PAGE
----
The Poisoned Pen Bookstore Welcomes Racism, but Not Dissent
A future “literary event” at The Poisoned Pen?
Sadly, I won’t be doing any more.
Last week, in protest of the racist remarks made by author Brad Thor and his fans, I approached Thor with a biography of a Nazi and asked him to sign it. To read the story of what happened, click here.
The next day, I posted the blog and photo linked to above. Thor, thin-skinned as fascists tend to be, had his publicist contact the owner of the Poisoned Pen, Barbara Peters, who was on vacation at the time. Someone on staff at The Poisoned Pen asked me to remove the photo, even though it didn’t show anything that would identify the bookstore. Though I thought this was an over-reaction, as a gesture of friendship I complied but, of course, I said I would not remove the post.
On Friday evening, Barbara Peters called and left me a voice message in which she clearly threatened me twice in an attempt to get me to take the blog post down. I put the deleted photograph back on the post, deciding that it was the only proper response to such a message. I received an outpouring of support from a number of writers in the crime fiction community nationwide.
Here is the transcript of Barbara Peters’ voice message:
Barry, this is Barbara Peters at Poisoned Pen. I am on vacation, and I gather that an extremely difficult situation has arisen for which I have had endless emails for the last two days. I am calling to ask you nicely in consideration of our past history with you—when we have welcomed you to the bookstore and accorded you a forum and respect as an author—to please remove your post about Brad Thor and we will discuss it when I get back to Phoenix on Monday. I don’t think you have any idea of the sort of damage you have dealt to people who have been kind to you, the position you have put us in, and the general unpleasantness that has resulted from this. It was not a political event. I think that if we give you respect as an author coming to the store then you can understand that we have to give visiting authors that same kind of respect. Your proper course of action if you were displeased by what was going on was to leave the bookstore. It was a literary event, not a political event, and I cannot tell you how unhappy I am that you have turned it into some sort of nightmare and basically thrown Patrick, John, David, myself and all of us under the bus in pursuit of some goal of your own which we don’t participate in and do not agree with, and that does not make us members of the Ku Klux Klan. I am really upset, and I think that before any further action is taken I will ask you again nicely to take down the post—and we can talk next week about what else might ensue.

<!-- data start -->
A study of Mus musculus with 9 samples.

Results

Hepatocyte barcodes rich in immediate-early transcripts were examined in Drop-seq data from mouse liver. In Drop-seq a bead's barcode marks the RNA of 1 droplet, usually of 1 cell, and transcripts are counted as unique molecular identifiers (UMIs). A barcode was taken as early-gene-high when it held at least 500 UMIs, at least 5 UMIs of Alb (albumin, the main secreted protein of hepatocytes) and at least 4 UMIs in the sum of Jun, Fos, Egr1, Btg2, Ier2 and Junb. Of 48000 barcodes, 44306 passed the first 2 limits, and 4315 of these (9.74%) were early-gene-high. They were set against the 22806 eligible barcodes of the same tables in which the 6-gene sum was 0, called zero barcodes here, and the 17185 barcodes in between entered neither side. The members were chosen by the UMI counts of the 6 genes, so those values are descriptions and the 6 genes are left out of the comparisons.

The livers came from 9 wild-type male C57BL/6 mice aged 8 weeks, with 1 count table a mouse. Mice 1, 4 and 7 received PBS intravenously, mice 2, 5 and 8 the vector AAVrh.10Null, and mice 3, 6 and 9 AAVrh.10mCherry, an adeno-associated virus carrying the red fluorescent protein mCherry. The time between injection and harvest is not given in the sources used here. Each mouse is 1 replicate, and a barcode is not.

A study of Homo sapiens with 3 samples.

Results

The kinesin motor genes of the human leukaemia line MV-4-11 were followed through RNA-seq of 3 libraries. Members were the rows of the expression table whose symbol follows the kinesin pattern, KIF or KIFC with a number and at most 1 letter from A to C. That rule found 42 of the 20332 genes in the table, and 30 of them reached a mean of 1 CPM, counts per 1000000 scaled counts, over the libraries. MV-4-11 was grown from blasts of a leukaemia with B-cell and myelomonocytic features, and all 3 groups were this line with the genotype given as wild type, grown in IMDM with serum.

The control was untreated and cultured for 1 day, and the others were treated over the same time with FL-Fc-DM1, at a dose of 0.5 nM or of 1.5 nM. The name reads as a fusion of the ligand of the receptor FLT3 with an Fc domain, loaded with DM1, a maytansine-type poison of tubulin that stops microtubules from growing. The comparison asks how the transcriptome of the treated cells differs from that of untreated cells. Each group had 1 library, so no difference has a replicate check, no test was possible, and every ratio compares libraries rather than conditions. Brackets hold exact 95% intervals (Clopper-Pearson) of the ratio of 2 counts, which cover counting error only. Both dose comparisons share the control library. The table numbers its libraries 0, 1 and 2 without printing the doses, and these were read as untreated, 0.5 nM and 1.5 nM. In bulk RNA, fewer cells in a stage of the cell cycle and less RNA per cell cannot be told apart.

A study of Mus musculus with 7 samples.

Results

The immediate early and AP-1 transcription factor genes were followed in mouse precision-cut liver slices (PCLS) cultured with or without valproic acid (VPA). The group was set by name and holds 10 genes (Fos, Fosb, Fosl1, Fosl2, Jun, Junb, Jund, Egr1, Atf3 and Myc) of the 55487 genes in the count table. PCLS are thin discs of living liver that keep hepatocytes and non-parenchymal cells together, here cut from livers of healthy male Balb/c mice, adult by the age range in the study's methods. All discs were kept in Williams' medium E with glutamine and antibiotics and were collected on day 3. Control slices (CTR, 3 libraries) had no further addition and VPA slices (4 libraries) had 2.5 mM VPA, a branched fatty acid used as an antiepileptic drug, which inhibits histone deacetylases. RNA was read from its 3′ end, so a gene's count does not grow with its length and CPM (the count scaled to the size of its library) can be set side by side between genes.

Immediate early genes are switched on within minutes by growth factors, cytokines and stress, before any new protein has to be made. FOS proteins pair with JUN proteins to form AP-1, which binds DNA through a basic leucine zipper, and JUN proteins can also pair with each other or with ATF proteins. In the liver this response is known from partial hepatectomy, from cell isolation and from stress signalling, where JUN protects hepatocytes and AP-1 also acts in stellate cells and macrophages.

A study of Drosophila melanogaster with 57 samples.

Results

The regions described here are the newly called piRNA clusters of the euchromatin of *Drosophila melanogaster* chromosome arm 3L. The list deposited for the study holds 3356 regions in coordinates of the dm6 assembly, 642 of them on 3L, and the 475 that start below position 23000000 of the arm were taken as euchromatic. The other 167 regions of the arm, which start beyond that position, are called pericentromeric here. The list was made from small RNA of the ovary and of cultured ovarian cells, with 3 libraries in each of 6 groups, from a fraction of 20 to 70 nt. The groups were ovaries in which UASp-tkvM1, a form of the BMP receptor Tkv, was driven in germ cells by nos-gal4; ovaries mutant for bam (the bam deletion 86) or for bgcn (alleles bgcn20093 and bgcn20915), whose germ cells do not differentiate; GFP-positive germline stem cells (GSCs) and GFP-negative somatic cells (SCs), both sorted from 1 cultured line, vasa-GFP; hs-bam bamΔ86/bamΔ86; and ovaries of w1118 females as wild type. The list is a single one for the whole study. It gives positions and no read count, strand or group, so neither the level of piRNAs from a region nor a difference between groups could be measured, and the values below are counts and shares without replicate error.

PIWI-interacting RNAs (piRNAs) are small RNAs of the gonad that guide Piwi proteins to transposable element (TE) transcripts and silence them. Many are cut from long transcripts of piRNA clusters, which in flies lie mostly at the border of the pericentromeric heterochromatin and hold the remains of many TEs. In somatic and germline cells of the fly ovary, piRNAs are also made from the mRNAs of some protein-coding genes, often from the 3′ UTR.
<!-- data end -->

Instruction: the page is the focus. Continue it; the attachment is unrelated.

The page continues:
Some of her points require rebuttal:
- “It was not a political event” - This is absurd. Poisoned Pen staff who were at the event agreed that it was. Barbara Peters seems to think that a “literary event” is by definition not political. Saying that an event at which Brad Thor spews his bigotry is not political makes as much sense as saying that his friend Glenn Beck’s T.V. show is not political. My own “literary events” at The Poisoned Pen were certainly political, as you can see by watching this video of an interview with me there at the launch of The Wrong Thing.
- “some goal of your own which we don’t participate in and do not agree with” So The Poisoned Pen does not agree with anti-racism? Perhaps Barbara Peters is speaking for herself and not her staff, as I know staff members there who certainly do agree that racism and jingoism are foul.
- “Your proper course of action if you were displeased by what was going on was to leave the bookstore” No action is neutral. To fail to oppose the bigotry of Brad Thor and his followers is to support it.
I can understand Barbara Peters’ not wanting Brad Thor to be upset with The Poisoned Pen; I know his hatefest sold a lot of books there and made serious money for the store (though I don’t understand why he would hold what I did against the store, since I’m not on staff there and did what I did as a member of the public). He probably sells more books in a single day than I have in my entire career, which I imagine makes his hate more tolerable to a businessperson like Barbara Peters than my protest of his hate.
I was unsure of what she meant by her threats of ”further action ” and “what else might ensue.” So I decided to wait and see…
Today, via a mutual friend, I got the message that The Poisoned Pen will no longer carry my books, and that I am no longer welcome there. Bestselling racists, I presume, will continue to be welcomed there and, as Barbara Peters puts it, “given the same respect.” Therefore, despite my past fondness for the store, I am flattered to be banned there.